Very strange, difficult, stressful times. For some, already the worst of times. So far, we’ve been lucky.
But our world contracts. People our age are now being asked to stay close to home, to reduce social contacts, and so on. How stern is the injunction? It’s not entirely clear. Fortunately, we live very near the river and Midsummer Common; we can take walks out when the paths are quiet. But I can foresee that we will largely be confined for weeks to this small corner of Cambridge.
In fact, we have been more-or-less self-isolating for a week already, because that seems wisest for us, various things being considered. We’ve already stopped going to cafés, I’ve stopped going to the gym, University of the Third Age classes and walking groups have been suspended. We’re not meeting up with friends. Family are mostly elsewhere anyway. We are used to a very quiet life, so will no doubt cope better than many. But there is a difference between quietness and prolonged isolation. We’ll just have to find some time-consuming and enjoyable house-bound projects. So, for a start, there’s the decoration of three or four rooms we’ve been meaning to do ever since the builders left. Already there has been an amount of comfort baking — we’ll need to do more home exercise too, to counteract that. And then this isn’t a house without books to read …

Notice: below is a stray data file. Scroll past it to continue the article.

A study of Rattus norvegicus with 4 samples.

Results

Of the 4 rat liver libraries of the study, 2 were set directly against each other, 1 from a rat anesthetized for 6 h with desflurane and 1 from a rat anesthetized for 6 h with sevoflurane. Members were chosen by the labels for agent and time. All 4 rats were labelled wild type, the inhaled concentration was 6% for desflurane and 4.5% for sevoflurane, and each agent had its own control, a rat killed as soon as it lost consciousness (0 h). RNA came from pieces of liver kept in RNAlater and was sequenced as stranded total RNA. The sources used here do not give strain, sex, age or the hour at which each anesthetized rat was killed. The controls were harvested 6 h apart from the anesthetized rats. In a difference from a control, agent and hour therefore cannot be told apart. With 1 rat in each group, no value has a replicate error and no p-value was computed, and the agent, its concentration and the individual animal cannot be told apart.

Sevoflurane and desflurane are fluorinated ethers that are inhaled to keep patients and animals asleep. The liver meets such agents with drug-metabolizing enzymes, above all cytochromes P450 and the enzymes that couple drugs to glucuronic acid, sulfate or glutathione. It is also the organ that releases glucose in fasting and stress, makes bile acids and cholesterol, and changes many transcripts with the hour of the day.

I’ll keep you posted about how things go as the weeks roll on.
Talking of books, when I put Emily Thomas’s The Meaning of Travel away alongside other travel books, I found a copy of Eric Newby’s Love and War in the Appenines. I couldn’t remember ever having read it before. Here’s one of the advantages of age; your bookshelves renew themselves!
Newby tells of his adventures as a prisoner of war and then afterwards, when he takes to the mountains, sheltered by courageous Italian peasants, in the process meeting Wanda who later becomes his wife. This perhaps isn’t one of the reflective, philosophically-coloured, travel books: but Newby’s story is very engaging as he draws some memorable characters, and sketches both a landscape and a lost way of life. I rattled through it in a few days; a very enjoyable distraction from these differently troubled times.